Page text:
We just colored these hard-boiled eggs that you see in the picture above. Each child wants to make sure that he/she has the same number of eggs, so I took this opportunity to explore division and practice it too! Regardless if we were going to color the eggs, or eat them, everyone wants to have their equal share, so distributing the eggs equally was a good way to show how division works. This goes for eating the eggs for breakfast, as a snack, or with any food item, the concept of equality is always there.
After boiling the eggs, we needed to let them cool off. Afterwards, each child was handed their plate for their eggs they were going to color. We started with 15 eggs and I asked the older ones how many eggs each of us should get if there are three of us. Then I did the distribution of the eggs one at a time. Each of the three plates received one egg at first, then two, then three, checking each time if each plate has the same number of eggs. We checked back to see how were left and if we could still distribute those eggs. We did this until all eggs were equally distributed.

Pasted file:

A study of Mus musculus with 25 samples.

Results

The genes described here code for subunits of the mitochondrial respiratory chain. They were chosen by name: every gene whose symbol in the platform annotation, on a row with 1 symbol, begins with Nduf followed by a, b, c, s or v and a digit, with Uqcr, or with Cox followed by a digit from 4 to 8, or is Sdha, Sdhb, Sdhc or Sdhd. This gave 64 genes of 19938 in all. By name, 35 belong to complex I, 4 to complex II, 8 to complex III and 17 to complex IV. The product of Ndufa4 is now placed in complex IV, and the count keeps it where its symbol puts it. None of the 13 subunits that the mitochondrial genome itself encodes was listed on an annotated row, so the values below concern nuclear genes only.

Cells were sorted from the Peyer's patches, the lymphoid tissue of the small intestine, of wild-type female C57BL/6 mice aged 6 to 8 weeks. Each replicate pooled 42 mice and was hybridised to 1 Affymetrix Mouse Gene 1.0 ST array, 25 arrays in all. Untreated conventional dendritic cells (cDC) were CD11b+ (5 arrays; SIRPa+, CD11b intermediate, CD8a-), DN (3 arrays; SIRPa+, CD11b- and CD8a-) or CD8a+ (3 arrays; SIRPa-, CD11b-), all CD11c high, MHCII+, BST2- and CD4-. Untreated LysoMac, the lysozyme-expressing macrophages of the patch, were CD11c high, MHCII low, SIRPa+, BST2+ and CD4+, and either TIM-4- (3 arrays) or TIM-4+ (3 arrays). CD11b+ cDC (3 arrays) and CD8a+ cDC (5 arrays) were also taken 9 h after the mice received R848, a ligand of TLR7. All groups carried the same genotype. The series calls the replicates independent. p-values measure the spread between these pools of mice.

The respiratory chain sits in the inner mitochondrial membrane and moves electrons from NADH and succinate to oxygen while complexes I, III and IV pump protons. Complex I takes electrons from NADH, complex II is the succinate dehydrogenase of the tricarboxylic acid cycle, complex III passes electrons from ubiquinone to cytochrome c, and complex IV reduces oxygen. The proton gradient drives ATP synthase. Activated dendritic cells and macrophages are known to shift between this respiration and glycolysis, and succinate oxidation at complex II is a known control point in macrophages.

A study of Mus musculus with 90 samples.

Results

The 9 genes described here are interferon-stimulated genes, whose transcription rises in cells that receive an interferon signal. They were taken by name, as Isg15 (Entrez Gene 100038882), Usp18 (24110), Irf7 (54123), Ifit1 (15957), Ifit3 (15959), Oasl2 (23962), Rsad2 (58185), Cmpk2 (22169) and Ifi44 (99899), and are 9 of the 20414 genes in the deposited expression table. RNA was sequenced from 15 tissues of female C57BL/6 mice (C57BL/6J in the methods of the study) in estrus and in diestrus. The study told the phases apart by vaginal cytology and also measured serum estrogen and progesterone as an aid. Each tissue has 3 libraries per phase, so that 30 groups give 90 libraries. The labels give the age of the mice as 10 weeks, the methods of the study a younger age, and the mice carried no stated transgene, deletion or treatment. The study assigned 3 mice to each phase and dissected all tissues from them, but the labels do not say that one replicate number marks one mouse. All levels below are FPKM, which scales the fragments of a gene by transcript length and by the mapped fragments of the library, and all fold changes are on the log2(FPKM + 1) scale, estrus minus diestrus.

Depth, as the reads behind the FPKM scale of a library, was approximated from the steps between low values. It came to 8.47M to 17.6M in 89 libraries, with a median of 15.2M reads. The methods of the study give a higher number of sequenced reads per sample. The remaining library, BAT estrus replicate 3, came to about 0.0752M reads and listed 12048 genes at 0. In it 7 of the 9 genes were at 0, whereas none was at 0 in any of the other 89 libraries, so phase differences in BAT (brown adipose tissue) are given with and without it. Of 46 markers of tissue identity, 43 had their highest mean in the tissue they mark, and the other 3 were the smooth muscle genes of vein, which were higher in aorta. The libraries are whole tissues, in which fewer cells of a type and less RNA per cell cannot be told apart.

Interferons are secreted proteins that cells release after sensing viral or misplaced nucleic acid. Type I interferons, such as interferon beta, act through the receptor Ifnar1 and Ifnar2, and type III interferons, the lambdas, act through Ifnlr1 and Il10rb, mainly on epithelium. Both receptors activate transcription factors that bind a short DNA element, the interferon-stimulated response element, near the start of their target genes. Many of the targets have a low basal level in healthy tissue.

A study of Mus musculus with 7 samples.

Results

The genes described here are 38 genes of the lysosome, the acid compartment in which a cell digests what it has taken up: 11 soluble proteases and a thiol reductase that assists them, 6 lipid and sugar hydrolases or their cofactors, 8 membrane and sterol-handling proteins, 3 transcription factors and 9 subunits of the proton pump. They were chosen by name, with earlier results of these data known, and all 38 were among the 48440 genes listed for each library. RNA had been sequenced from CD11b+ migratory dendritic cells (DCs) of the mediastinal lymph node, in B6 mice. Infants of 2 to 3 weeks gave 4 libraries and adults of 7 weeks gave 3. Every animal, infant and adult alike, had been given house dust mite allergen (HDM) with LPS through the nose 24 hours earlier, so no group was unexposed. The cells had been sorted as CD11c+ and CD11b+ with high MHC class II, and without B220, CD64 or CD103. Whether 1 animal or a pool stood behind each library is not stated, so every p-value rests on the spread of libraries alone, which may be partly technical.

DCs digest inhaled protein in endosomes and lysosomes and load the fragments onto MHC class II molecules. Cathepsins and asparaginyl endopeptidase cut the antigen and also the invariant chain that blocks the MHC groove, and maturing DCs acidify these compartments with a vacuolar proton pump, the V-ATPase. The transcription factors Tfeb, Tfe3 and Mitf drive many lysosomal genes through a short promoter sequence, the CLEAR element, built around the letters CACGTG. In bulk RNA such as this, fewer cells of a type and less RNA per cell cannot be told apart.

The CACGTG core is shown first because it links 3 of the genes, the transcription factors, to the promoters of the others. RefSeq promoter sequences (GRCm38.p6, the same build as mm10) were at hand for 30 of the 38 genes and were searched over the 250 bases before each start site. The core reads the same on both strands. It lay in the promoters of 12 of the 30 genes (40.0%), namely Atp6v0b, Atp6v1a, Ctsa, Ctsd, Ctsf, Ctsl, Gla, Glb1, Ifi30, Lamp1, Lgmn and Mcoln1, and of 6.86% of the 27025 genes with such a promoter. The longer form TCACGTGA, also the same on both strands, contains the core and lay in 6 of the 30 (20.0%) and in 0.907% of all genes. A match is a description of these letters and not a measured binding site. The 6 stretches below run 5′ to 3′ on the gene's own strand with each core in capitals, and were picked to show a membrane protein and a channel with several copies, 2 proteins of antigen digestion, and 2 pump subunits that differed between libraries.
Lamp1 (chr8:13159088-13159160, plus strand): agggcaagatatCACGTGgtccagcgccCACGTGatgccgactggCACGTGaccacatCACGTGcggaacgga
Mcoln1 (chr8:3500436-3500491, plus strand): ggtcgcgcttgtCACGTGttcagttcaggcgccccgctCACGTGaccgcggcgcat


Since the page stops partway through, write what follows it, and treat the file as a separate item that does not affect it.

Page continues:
Each plate now had 5 eggs for each of the 3 plates. This makes 15 eggs divided by 3 plates to equal 5 eggs each. But what if we had one egg leftover, or two eggs leftover? We could divide each egg into three equal parts and distribute those equally, but we face the concept of context.
Something to Think About:
In this context of coloring eggs, it does not make sense to divide a hard-boiled egg into three equal parts because who wants to color a third of an egg? This is a wonderful conversation to have with your child.
In this “egg”citing activity, this is about starting with a quantity of eggs that will result in everyone having an equal number of whole eggs. If you scramble your eggs, then it might not matter about everyone each getting and egg and a third of an egg because the context is different. Sometimes, mathematics is all about the context of it all.
Another important piece is talking about what other contexts hold division in distributing everything equally? What cultures and communities share all their food equally with everyone? How does this relate to using division and how important is it to divide equally? What are some other examples where things need to be divided equally and why is that important? Asking ourselves and our children these questions places the mathematics of division in a contextual situation, something more real to us in life than what is on paper.
Trust me, Mathematics is really “egg”citing! So get to exploring and think back to how you practice Mathematics in your life! Enjoy!